Update in reply to your comment: “Then what causes that light, and the spark?”
The ions get accelerated in the strong electric field and collide with one another. This causes heating (typically around 30,000ºC). Material this hot gives off light as well as heat (incandescence). It is worth noting that this sudden heating causes a rapid expansion of the surrounding air which is the cause of thunder.
Also, light (photons) are released when the electrons recombine with the atoms and molecules. A photon is emitted for each recombination. The wavelength (colour) depends on the atom’s energy levels. To find out more read about ‘characteristic radiation’.
Look at diagram: https://girlinclouds.files.wordpress.com/2013/02/lightning-diagram.jpg
Q1: What happens when the negative and positive charges collide during lighting?
Answer: The positive charges are ionised atoms and molecules from particles of water. The negative charges are (usually) electrons. They combine to produce neutral atoms or molecules.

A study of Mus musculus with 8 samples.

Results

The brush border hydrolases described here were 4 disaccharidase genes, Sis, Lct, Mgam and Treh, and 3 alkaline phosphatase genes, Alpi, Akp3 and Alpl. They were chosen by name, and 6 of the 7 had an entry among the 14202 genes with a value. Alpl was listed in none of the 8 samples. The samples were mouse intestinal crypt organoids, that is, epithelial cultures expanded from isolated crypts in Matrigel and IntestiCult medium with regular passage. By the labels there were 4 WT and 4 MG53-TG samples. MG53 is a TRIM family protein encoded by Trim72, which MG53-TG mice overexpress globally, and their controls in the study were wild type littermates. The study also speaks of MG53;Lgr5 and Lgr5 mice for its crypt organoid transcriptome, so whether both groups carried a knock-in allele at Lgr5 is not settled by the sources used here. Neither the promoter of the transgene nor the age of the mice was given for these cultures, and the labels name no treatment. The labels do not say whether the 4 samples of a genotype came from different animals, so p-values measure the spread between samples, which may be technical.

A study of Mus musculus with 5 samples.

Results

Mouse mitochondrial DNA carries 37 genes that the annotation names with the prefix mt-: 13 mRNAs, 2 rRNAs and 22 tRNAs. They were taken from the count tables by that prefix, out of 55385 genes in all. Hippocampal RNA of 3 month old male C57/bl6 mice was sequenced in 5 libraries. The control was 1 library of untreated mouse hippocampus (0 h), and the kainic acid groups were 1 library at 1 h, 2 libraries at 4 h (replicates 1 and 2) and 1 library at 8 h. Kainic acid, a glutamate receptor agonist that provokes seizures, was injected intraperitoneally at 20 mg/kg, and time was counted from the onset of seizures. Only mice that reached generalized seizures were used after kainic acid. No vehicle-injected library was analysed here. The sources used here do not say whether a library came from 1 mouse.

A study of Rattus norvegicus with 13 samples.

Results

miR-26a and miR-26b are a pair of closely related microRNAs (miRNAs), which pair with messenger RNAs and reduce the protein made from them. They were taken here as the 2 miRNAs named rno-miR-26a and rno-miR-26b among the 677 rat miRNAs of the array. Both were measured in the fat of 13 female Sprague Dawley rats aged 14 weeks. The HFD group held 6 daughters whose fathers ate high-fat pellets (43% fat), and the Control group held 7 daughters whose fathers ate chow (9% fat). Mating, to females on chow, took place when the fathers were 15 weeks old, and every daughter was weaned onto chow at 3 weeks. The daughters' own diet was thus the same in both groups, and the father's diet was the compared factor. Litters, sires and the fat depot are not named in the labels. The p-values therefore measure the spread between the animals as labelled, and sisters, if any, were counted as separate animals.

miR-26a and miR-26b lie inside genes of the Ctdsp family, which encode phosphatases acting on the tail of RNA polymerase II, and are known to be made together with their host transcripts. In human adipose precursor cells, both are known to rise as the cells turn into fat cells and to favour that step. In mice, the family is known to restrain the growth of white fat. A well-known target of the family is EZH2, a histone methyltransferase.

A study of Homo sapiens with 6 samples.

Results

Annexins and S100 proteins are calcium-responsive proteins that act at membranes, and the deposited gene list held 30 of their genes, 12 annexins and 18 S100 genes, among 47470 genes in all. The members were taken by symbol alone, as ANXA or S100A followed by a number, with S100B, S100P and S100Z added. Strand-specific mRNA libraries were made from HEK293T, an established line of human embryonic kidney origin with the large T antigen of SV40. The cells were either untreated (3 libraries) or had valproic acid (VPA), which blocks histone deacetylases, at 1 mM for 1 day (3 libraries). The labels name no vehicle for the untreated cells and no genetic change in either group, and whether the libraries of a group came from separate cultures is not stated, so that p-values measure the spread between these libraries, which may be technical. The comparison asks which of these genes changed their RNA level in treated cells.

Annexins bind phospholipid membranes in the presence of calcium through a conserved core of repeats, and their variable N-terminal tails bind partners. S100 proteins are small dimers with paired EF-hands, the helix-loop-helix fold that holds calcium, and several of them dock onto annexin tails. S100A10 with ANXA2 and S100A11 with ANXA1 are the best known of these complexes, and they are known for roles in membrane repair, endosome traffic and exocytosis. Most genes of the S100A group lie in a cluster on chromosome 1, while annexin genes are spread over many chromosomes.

Q2: The negative charges from the clouds and the positive charges from the ground meet, and then they flow in both directions and hit each other, right?
Answer: You are describing a 'ground flash'. The charges flow *before* they meet. As the charges flow, they also hit other atoms/molecules causing heating and further ionisation. Then the charges combine as described in Q1.
In the case of a ‘cloud flash’ the ground charges aren’t involved.
Q3: So what happens then? They hit each other and just disappear?
Answer: As for Q1.
Q4: Why don't they hit each other while they are in the cloud?
Answer: They can do. It is then called a ‘cloud flash’.
Whether you get a ground flash or cloud flash depends in a complicated way on many factors such as height/shape/charge-distribution of the cloud.
Q5: Just because there is an equal number of positive and negative charges in the cloud they don't hit each other? Why?
Answer: They are physically separated because the larger water particles get a negative charge and the small ones get a positive charge (no one fully understands why). The smaller (and therefore lighter) positive particles get pushed towards the top of the cloud by the up-currents. They are kept separated from the heavier negative particles by the effect of the up-currents until the conditions change. Then the charges recombine – either’ silently’ or as lightning.